The significance of “Electronic Civil Disobedience,” the text by Critical Art Ensemble that had been chosen back in January, had somehow shifted over the course of a month that had elapsed rather dramatically throughout the world.
A month before, the most salient resonance with the text in the present had been the ongoing case of Wikileaks.

Written in 1994, the text identified the new horizon of political resistance in the global world had to include, or prioritize, the electronic dimension (albeit with the stipulation that it pertained mostly to the Western, advanced capitalist one). Following a decade or so of economic and technological walls being toppled worldwide and the unfastening of space and time restrictions on the most powerful, characteristic of the flourishing neoliberal era, the democratic means to challenge power had mostly been dissolved. Civil disobedience, once an actual threat to kings and factory foremen, had gradually shifted into a spectacle that could not challenge the authority that was no longer there. If workers rose up in one country, an assembly line could just move somewhere else; if citizens occupied the White House, the head would be revealed as only symbolically tied to the building; the commands would still be received from somewhere in the electronic ether.
Critical Art Ensemble had in their text therefore called for a strategy of “cyber-elites” to use their computer-hacking skills in the still-ambiguous strategical, legal and moral boundaries of the time. These could be quite small groups, and as such CAE linked the idea with the historical concept of the avant-garde. This, they said, was a necessary evil because of the current dominance of the electronic over life in general, and the uneven development of skills required to understand and intervene in it. This has consequences for the ideas of what effects one imagines traditional forms of democratic civil disobedience to carry on. CAE argued that it wouldn’t simply make the traditional obsolete, but that in tactical actions that are only capable through electronic disturbance, the democratic movement should better not get involved. Further to this, CAE admitted that the dynamic involved in electronic disturbance is still that of a gamble; a shift or irritation that could provoke vindictive responses, or the tyranny of a new technocratic class. “The odds are not good,” they say, “but at present, it’s the only game in town.”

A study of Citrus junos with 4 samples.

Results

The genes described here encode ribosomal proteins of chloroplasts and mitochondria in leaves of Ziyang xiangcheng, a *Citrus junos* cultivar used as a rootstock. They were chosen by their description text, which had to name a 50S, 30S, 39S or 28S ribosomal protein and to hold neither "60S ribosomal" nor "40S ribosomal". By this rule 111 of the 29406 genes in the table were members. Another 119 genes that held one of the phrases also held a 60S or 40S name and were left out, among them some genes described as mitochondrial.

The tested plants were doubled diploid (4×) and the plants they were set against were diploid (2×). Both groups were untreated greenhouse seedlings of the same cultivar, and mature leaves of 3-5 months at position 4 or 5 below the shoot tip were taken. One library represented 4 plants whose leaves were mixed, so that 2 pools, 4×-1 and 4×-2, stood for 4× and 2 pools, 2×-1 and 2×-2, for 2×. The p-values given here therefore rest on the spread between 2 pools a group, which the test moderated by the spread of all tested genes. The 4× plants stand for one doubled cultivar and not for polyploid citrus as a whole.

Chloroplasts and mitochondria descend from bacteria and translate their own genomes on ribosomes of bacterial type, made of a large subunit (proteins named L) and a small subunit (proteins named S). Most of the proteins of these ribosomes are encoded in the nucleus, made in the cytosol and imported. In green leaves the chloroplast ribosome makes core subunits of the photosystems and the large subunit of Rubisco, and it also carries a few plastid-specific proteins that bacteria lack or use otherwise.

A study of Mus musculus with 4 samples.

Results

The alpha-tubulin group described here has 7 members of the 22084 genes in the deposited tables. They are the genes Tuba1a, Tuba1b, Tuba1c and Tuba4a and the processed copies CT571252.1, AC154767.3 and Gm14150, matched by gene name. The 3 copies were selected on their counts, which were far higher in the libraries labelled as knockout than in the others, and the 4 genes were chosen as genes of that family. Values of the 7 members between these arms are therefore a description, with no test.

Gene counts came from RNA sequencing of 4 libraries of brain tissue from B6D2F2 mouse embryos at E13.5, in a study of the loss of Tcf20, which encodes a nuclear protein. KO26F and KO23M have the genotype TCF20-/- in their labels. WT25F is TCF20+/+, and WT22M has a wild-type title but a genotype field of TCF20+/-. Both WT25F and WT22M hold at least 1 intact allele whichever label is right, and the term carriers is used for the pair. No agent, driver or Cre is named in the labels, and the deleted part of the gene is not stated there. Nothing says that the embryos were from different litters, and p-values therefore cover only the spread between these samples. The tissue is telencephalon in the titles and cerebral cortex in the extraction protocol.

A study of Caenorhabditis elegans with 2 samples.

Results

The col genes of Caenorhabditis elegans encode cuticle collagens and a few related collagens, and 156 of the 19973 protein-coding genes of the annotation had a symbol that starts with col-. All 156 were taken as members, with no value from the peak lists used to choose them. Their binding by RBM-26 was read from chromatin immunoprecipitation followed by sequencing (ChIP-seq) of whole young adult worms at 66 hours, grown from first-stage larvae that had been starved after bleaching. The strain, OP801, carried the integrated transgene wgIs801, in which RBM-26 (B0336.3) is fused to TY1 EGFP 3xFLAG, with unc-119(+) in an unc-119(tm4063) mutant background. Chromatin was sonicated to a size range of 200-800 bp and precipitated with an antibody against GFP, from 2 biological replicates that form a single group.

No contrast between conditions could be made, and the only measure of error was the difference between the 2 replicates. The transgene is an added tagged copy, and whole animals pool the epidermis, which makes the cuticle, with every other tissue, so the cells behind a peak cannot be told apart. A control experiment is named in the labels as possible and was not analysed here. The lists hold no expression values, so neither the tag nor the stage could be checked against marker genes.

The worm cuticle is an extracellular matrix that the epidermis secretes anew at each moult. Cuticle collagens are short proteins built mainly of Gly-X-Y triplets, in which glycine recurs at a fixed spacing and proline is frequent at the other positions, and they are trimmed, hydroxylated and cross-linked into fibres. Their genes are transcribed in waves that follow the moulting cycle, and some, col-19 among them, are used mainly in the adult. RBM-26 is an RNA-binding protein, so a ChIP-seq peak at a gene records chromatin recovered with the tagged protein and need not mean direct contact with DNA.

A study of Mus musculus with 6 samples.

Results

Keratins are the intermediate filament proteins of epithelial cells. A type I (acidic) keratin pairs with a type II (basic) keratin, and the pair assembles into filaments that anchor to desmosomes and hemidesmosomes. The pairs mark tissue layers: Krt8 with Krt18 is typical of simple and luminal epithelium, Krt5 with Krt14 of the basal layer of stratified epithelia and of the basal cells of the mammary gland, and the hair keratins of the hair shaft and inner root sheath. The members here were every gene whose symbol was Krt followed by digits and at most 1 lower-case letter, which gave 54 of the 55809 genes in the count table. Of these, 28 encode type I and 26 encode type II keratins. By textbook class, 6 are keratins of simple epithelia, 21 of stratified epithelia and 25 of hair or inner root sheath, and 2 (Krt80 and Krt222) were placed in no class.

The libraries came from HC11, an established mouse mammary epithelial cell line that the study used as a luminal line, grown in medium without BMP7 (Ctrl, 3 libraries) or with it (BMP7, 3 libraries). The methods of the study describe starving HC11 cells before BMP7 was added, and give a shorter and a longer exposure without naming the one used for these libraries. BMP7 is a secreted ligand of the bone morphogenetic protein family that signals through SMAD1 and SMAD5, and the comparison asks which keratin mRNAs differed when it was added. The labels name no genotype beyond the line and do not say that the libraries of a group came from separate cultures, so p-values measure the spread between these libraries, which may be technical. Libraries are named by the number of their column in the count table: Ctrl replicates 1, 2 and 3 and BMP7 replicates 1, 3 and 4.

Turning to the current situation, would Wikileaks be a contemporary illustration of such a gamble? Could the (only mildly edited) thousands of documents released to the media and the public constitute a vast game of roulette, whereby the transparency of information and its revelations of how power functions or is abused (depending on your own particular interpretation of the various materials), must be weighed against the unintended consequences for innocents and the candidness of diplomacy? These were divided viewpoints in our meeting. Some said that the premise of decentralization was inaccurate, and that in fact the power is still centralized but in a different “space.” Information as such was also regarded with suspicion by several participants, as the means to knowing things without caring about them, without experiencing them firsthand. Especially in China, expressed one reader, where the culture of door-to-door communication and active participation in neighbor’s lives has been replaced by electronic media, of which it was simply exhausting to sort through all the misleading threads in search for some real sense of what is happening, information is alienated from lived experience. One receives news of revolutions in one’s own country from thumbnails transferred from a friend in Norway. Meanwhile we have to work, which is (seems) very real.
Other participants wondered whether trusting neighbors had unsavory precedents in the past, and in China; and whether one could really understand one’s own conditions, hard and concrete as they may be (for instance working every day, while living costs of every sort continue to escalate), without recourse or access to external information. In any case, people shared the belief in the possibilities inherent in daily life, in “the street,” or in “the world,” that open up reality in novel ways that even a successful hacking unit would be unable to do, bound as they are by persistent power narratives. But what is “the street,” “the world”? asked another; how is it different from the space occupied by the consumer, continuing on their merry way?

Irrespective of the debate on the futility of traditional civil disobedience, the past month or so has indeed seen the streets reappear as a site where change happens through democratic movements. Granted, this was facilitated and stoked through a hybrid means that included mass social networking campaigns, and even technologies that bypassed the shutdown of the Internet in order to distribute news of the events. Was this only explainable within the terms of CAE’s article because of the regional and national differences in political systems and economies? Has it been a false sense of reclamation, involving symbolic seizures (occupations of physical space) of a power that has already been absent, that is not actually challenged or troubled by a popular uprising? Have we witnessed gambles that have paid off (Tunisia and Egypt), offset by those that seem far too costly (Libya…), or over-speculated upon (China)?
One participant recounted a Sunday afternoon spent in front of a McDonald’s in Beijing: a swarm of cameras, a column of security subtly adjusting the angle and pitch of the gathering, a few scattered individuals speaking muffled into a crowd of onlookers and their onlookers. Quite ambiguous and incoherent: the participant saw in the “unsuccessful” occurrence a potential more exciting than the other examples we had discussed in the meeting.
It is apparently scheduled to happen every Sunday.